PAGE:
Women have fared worse than men during the pandemic, highlighting the importance of a sweeping initiative to create gender equity in leadership launched last year by the PLuS Alliance.
Underway for several months, the Transforming Women's Leadership Pathways initiative released an action plan earlier this month that details the lack of women in leadership, clarifies the barriers to advancement and lays out many recommendations to achieve equity.
Faculty, administrators, staff and students from all three institutions have been working on the Transforming Women's Leadership Pathways initiative since last year. Their goal is to fast-track the achievement of gender equity by 2030 by implementing the recommendations in the report released March 11.
“Employers’ commitment to equality is being tested and found wanting,” wrote Eileen Baldry in the forward to the report. She is a professor of criminology and deputy vice chancellor for equity, diversity and inclusion at the University of New South Wales.
Baldry noted that women account for 39% of global employment, yet constitute 54% of overall job losses in the pandemic.
“Gender equity is an essential primary goal as we rebuild economies,” she wrote.
The action plan is divided into 10 areas, each with its own working group drawn from the three universities. Each section includes the current state of the sector, barriers to equity, and recommendations for government, industry and universities.
Antoinette Farmer-Thompson, deputy vice president for educational outreach and student services at ASU, was one of the leads for the working group on corporations.
At the launch event, she described the action plans created by her group and the higher education group. "We found that there were consistencies across all working groups,” she said.
“There’s great interest in every single industry for women to participate at higher levels of leadership.” The higher education team found that 39 of the top 200 universities are led by women.
“That is the case even though we see across the globe that more women are getting more degrees than men,” she said. The report also looked at intersectionality. In the U.S., 86% of higher-education administrators are white. “There are a lot of legacy processes so difficulty to move the system,” she said. Farmer-Thompson said that another barrier is lack of institutional commitment, but she praised ASU President Michael Crow, who recently reorganized the university and appointed women to lead the three sectors. The interim President and Principal at King's College London is Professor Evelyn Welch and Professor Funmi Olonisakin is Vice-President and Vice-Principal International at King's, two women holding two of the most senior roles at the university.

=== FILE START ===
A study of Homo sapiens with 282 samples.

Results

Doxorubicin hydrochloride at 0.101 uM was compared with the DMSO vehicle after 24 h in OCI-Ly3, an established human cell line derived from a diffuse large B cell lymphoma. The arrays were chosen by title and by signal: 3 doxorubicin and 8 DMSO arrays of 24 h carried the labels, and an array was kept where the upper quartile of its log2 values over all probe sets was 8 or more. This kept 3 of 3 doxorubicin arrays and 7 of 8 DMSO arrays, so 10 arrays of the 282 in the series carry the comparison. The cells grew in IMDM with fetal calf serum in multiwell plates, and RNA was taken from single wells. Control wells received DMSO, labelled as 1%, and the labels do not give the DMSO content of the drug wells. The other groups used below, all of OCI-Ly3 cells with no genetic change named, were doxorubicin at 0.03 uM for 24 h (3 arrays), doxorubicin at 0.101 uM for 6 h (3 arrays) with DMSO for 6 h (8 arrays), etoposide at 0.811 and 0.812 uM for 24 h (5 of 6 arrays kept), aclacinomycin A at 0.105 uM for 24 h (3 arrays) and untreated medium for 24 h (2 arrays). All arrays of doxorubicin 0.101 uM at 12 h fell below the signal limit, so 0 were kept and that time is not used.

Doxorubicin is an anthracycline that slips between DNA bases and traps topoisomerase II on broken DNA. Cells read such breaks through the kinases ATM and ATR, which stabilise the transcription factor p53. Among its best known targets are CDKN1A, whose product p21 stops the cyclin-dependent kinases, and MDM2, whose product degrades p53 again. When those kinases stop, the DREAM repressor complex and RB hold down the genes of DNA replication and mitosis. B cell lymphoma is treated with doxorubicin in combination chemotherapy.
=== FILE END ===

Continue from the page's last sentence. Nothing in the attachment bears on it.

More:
“It’s one thing to have awareness and it’s another thing to have action,” she said.
Farmer-Thompson said that COVID-19 has exacerbated inequities in the corporate world.
“You’ve all heard that approximately 2.2 million women left the workforce between February and October of 2020,” she said.
“We are the people carrying the diversity conversation, bringing to bear the need for diversity on a daily basis. The pandemic could set us back another 10 years.”
The report found huge disparities in leadership:
- Women made up 36% of elected local government officials worldwide in 2020.
- Around the world, women hold 24% of senior corporate leadership positions, a decrease from 25% in 2017. The U.S. lags behind the global average at 21%, compared to China, where women hold 51% of corporate leadership slots.
- Women make up 20% of engineering graduates and it is estimated that 40% of women who earn an engineering degree either leave or never enter the profession.
- Women receive 7% of venture funds for their startups, and in the U.S., although women of color account for 50% of all female-owned businesses, those founders receive less than 1% of venture capital funds.
- About 56% of women in technology leave their employers mid-career, and of the women who leave, 24% leave the profession altogether.
The most common recommendations in the report were to establish stronger networks, improve pathways for women and require reporting of equity efforts. Other suggestions include:
- Establish on-site child-care facilities.
- Tie executive compensation bonuses to gender diversity efforts.
- Publish data on salaries, promotions, hiring and even assignments in the media sector.
- Train people to be more effective at running meetings to ensure that everyone is heard and women are not cut off.
- Embed a culture of “speaking out” and eliminating aggressive and undermining behavior by training managers to recognize and deal with those behaviors.
During the event that unveiled the report, Sarah Jones, director of global strategic partnerships for ASU, said that there have already been strategic design sessions to determine the next steps. Those discussions led to the idea for an international initiative with a tentative name.
“The Global Alliance for Equity in Leadership, or GAEL, would be an international coalition to bring partners from universities, industry and government with a focus on using evidence-based practices,” she said.
“We want to be the go-to place when a corporation is looking to change its culture. We want to be a trusted source of information and proven solutions.”